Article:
Earn future maintainers esteem by writing simple ADRs
How many of the original developers are still working on your project?
A common trait of Legacy Code is knowledge loss.
Legacy systems are many years old, sometimes many decades. That’s more than the typical turnover for developers.
When the previous devs left, they bring with them their hard-won functional knowledge of the system. And there you are, left with a vast accumulation of undocumented sludge.
Would you say that your system is well documented?
Sometimes there is documentation.
But if you’re lucky enough to find one, you quickly realize it’s partly incomplete or outdated. If only you could ask the previous developers what they had in mind when they implemented this feature that way!
Now, think about the future. How long do you think you’ll work on that project? How many quirks and traps did you learn about that system? How many reflexes did you acquire?
If you document what you know, that will surely help future maintainers!
But documentation needs to be maintained. It’s generally not synced with the code, so it has the annoying tendency to get out of date. Maintaining it takes time and energy. It’s dispiriting.
Hopefully, there’s something simple you can do to ease future maintainers’ life that doesn’t require to be maintained.
ADRs document decisions. Their main goal is to explain why a decision has been taken.
Across the project lifecycle, many decisions are taken:
- using XYZ library to make HTTP requests
- putting the tests in a dedicated folder
- using a custom implementation of a feature that is available in some libraries
- delegating code formatting to a specific tool
The problem is that you don’t know why these decisions were taken. Or you don’t remember. Thus, it’s hard to revisit these decisions.
Maintainers typically have 2 approaches to address this problem:
- Changing the way it works, taking the risk of unknown unknowns and breaking things
- Keeping it the way it works and living with it
ADRs give context around the decisions that were taken, so you can revisit them.
And they are dead simple to write!
It’s a standard format that can hold hyperlinks and images. Of course, you can go for whatever format that makes sense for your team.
I recommend you to version ADRs along with your code. Create an
adrs/ folder at the top of your project and start capturing important decisions you take.
Prefix ADRs names with an incremented number:
0001-some-decision-taken.md. It’s easy to maintain and conveniently sort them by creation date.
- The title. A short sentence to recap the decision taken.
- The date. That’s helpful to give context.
- The context. This is where you’ll explain why you took that decision. Detail your constraints. Tell the reasons that make this decision be the best one available today.
- The decision. That’s the main point of the document: make that decision explicit for future maintainers.
- The consequences. Based on the decision taken, what will change? Detail the upsides and compromises you’re committing to.
That’s it! 👐
There’s a status. It’s not essential. If you need different stakeholders to agree, you can track the process with different statuses.
However, the status becomes really interesting when you need to revisit a decision.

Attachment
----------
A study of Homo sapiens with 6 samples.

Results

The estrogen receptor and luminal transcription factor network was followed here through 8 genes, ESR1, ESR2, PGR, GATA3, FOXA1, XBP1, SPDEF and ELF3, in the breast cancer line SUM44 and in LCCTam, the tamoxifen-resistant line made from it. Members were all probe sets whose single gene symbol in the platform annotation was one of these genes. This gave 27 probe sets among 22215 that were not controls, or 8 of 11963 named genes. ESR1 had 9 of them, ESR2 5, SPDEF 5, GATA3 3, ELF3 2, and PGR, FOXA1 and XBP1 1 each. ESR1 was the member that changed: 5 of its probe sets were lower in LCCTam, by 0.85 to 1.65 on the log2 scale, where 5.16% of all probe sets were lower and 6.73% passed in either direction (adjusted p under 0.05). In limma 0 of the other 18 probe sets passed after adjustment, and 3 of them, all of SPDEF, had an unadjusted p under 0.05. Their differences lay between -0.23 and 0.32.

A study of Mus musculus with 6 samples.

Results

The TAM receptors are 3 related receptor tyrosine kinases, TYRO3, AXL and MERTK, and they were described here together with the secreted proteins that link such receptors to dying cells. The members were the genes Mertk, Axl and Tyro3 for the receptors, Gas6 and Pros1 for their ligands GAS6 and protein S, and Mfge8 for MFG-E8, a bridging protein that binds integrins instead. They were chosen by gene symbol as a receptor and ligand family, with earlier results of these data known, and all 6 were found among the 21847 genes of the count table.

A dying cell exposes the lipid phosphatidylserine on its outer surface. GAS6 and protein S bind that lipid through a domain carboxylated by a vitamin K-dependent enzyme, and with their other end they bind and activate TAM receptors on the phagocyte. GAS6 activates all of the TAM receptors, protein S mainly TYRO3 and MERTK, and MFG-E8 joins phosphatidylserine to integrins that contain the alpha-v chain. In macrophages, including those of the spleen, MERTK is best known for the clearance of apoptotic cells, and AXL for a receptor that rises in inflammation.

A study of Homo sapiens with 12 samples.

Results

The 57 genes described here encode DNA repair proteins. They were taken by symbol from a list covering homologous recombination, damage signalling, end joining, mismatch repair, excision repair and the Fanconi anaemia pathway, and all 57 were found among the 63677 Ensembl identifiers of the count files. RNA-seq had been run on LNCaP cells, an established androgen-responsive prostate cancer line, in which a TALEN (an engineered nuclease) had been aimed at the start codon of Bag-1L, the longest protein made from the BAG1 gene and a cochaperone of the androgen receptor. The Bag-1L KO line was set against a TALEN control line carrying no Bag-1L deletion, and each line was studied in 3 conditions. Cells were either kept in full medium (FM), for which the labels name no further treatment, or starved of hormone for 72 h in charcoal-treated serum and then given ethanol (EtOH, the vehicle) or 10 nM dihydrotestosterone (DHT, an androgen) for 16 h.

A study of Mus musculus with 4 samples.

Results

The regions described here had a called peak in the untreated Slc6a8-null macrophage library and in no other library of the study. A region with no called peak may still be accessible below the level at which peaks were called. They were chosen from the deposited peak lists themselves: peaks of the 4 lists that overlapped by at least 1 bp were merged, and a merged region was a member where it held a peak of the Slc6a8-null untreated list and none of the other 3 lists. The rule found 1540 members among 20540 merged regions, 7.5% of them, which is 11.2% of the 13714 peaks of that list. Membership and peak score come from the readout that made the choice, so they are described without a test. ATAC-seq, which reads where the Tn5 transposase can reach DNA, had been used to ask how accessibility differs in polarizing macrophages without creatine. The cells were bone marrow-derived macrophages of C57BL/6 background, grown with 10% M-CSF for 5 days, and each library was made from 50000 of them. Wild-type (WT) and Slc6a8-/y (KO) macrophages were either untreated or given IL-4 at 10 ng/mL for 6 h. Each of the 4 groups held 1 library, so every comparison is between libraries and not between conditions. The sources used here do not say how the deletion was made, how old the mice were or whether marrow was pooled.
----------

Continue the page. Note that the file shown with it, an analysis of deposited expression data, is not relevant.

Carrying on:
The point of ADRs is to help you understand quickly why a decision was made. With this context, you may realize that you have more knowledge/budget/tooling to take a different decision today.
Document that in a new ADR. It will supersede the previous decision.
Use the status to simply mark the relationship between the two ADRs:
- in the old ADR, indicates it’s superseded by the new one (add a link)
- in the new ADR, reference the old ADR that is superseded (add a link too)
Doing so makes it easy to follow the evolution of the decisions.
ADRs are not just for major architecture decisions. Athough I wouldn’t recommend writing an ADR just because you renamed a class.
Find the middle ground. Be aware of the decisions you take.
Here are a few examples of ADRs usage in projects, to get you inspired:
- adr-tools/doc/adr from Nat Pryce
- abracadabra/docs/adr a personal side-project
- form-builder/decisions from the UK Ministry of Justice 🇬🇧
Creating an ADR is quite easy. The boilerplate is fairly small.
If you want to make it effortless, install the
adr-tools CLI tool.
It gives you simple commands to init, create and supersede ADRs:
adr init doc/architecture/decisionsto configure this folder as the container for your records. It will also create a first ADR saying you’re adopting ADRs 🤯
adr new Implement as Unix shell scriptsto create a new ADR when you take a decision
adr new -s 9 Use Rust for performance-critical functionalityto create a new ADR that supersedes ADR
ADRs have been formalized by Michael Nygard in 2011.
They don’t get outdated! They are capsules of knowledge that haven proven to be tremendously helpful for project maintenance.
They help code reviews. They encapsulate in the versioned code the rationale behind the choices you made.
Are you working on a Legacy system you inherited that’s lacking documentation?
Here’s what you can do when you get back at work:
adr new adrs
- Open a Pull-Request
- Add the link to this article in your PR description
- Discuss with your team the benefits of using ADRs
To make the most of it, keep your ADRs stupid simple. Don’t be fancy. Keep the bar low, so they get written.
Future maintainers will appreciate you for that.
Your future self will love you for that.